The official advisory body for families of current serving Australian Defence Force (ADF) members is calling for an educational program for Defence families to return to the workforce to be expanded nationally.
Defence Families of Australia (DFA) is advocating for tertiary institutions, governments and private enterprises to replicate the successful pilot Defence Family Career Comeback Course, following the recent release of the course evaluation report.
“There is immense potential in this underutilised but highly qualified cohort of Defence and veteran family members,” said Defence Family Advocate of Australia, Sandi Laaksonen-Sherrin.
“We hope industry, educational institutions and governments will take our learnings from the pilot Career Comeback Course and improve on it.”
Mrs Laaksonen-Sherrin said families are essential in supporting Defence capability, and often do so at the expense of their own professional aspirations.
The Defence Family Career Comeback Course was developed to address challenges and remove barriers faced by Defence and veteran family members returning to work after various periods of time away from the workforce or their preferred career path.
The course, delivered by Australian Graduate School of Management at the University of NSW (UNSW) and sponsored by the Department of Defence, was held in Sydney from 15-17 November 2022 for the families of current and former serving ADF members residing in ACT and NSW.
A post-program survey of the course participants showed 95% of attendees would recommend this course to a friend.
“This resounding endorsement of the program shows us there is a strong demand for professional connection and shared lived experiences in the Defence and veteran family community,” said Mrs Laaksonen-Sherrin.
“Participants reported feeling empowered to start their career comeback journey after a period out of the workforce supporting their serving member’s military career.”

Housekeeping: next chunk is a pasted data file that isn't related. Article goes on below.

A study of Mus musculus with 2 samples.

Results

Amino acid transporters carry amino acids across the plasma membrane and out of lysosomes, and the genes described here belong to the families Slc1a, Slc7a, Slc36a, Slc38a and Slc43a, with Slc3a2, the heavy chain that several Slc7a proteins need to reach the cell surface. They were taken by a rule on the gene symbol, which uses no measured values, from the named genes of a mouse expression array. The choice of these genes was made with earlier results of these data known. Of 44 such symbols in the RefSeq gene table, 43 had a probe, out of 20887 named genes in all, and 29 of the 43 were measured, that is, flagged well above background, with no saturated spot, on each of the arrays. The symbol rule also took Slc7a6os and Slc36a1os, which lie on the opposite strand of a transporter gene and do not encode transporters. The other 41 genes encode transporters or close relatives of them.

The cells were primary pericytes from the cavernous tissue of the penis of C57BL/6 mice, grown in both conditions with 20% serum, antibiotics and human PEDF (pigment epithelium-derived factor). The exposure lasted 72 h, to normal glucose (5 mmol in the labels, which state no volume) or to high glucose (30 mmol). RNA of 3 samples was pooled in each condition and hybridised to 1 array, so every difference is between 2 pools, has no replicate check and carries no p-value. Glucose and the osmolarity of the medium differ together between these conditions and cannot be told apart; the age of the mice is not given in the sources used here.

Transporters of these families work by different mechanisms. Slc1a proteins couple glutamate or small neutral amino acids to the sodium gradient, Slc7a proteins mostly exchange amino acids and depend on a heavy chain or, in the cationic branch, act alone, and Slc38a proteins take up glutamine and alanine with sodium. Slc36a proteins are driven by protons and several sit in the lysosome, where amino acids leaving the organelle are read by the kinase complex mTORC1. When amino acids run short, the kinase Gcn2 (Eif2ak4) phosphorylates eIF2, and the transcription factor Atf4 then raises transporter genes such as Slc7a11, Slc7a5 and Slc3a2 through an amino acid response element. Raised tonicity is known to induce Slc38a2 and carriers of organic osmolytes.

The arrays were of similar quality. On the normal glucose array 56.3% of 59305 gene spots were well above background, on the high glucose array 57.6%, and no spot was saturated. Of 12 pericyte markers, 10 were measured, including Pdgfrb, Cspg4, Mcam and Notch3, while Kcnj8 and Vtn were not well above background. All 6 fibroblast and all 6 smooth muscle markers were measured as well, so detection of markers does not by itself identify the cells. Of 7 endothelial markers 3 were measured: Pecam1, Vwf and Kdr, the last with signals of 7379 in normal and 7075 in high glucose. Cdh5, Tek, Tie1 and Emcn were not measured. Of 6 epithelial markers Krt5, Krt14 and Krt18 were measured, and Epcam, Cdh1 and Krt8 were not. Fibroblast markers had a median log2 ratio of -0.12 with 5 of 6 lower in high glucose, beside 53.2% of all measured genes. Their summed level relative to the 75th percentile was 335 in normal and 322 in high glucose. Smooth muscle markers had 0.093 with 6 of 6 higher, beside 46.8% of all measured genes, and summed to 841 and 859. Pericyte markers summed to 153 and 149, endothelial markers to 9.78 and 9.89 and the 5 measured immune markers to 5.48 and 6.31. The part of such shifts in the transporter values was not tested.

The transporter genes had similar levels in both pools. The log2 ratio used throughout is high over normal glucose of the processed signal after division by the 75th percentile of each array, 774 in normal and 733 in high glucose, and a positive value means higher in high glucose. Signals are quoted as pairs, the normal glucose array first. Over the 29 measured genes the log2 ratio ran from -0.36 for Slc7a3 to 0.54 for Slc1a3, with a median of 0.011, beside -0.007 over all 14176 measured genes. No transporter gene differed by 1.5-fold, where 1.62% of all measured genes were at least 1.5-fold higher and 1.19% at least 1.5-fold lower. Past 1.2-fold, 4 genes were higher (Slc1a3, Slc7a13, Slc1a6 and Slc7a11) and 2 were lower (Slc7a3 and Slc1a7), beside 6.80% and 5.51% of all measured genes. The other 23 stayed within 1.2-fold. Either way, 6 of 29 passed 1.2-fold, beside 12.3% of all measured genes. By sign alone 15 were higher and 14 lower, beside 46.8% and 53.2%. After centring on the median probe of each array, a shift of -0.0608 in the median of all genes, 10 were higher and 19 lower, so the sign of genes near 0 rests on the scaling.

Defence family employment is an important area of focus for DFA’s advocacy work. Families of ADF members face career interruptions and often do not have career continuity or progression due to frequent moves and postings.
“Data from the 2019 ADF Family Survey suggests that even though Defence partners are more likely to be tertiary qualified than the general public, they were at the same time more likely to be unemployed,” said Mrs Laaksonen-Sherrin.
“There’s also likely to be a high degree of underemployment or underutilisation of expertise.
“In a cohort of at least 40,000 Defence spouses, that’s a lot of underutilised talent and a lot of potential in a modern workforce facing skills and labour shortages.”
The Defence Family Career Comeback Course Evaluation Report can be downloaded from the DFA website at https://dfa.org.au/publications
About Defence Families of Australia
Established in 1986, Defence Families of Australia (DFA) is the official group representing the interests of families of current serving ADF members. As the official families advisory body to the Minister for Defence Personnel and Chief of the Defence Force, we advocate for ongoing improvement in policy and practice. Our team are located all across Australia, and are family of current serving Defence members. Our advocacy drives change to decrease the negative aspects, and to support the positive aspects of Defence life.
About the AGSM Career Comeback Course
The Australian Graduate School of Management (AGSM) at University of New South Wales (UNSW) Sydney is committed to building capacity for women to reach their leadership potential. Their successful Career Comeback program aims to address the gaps in career opportunities to close the gender gap in Australian leadership. Launched in 2017, the Career Comeback Program is designed to assist women and men to re-enter the professional workforce after a period of absence, primarily but not exclusively due to family responsibilities including childcare, relocation of partner/spouse, or illness/caring for a sick family member.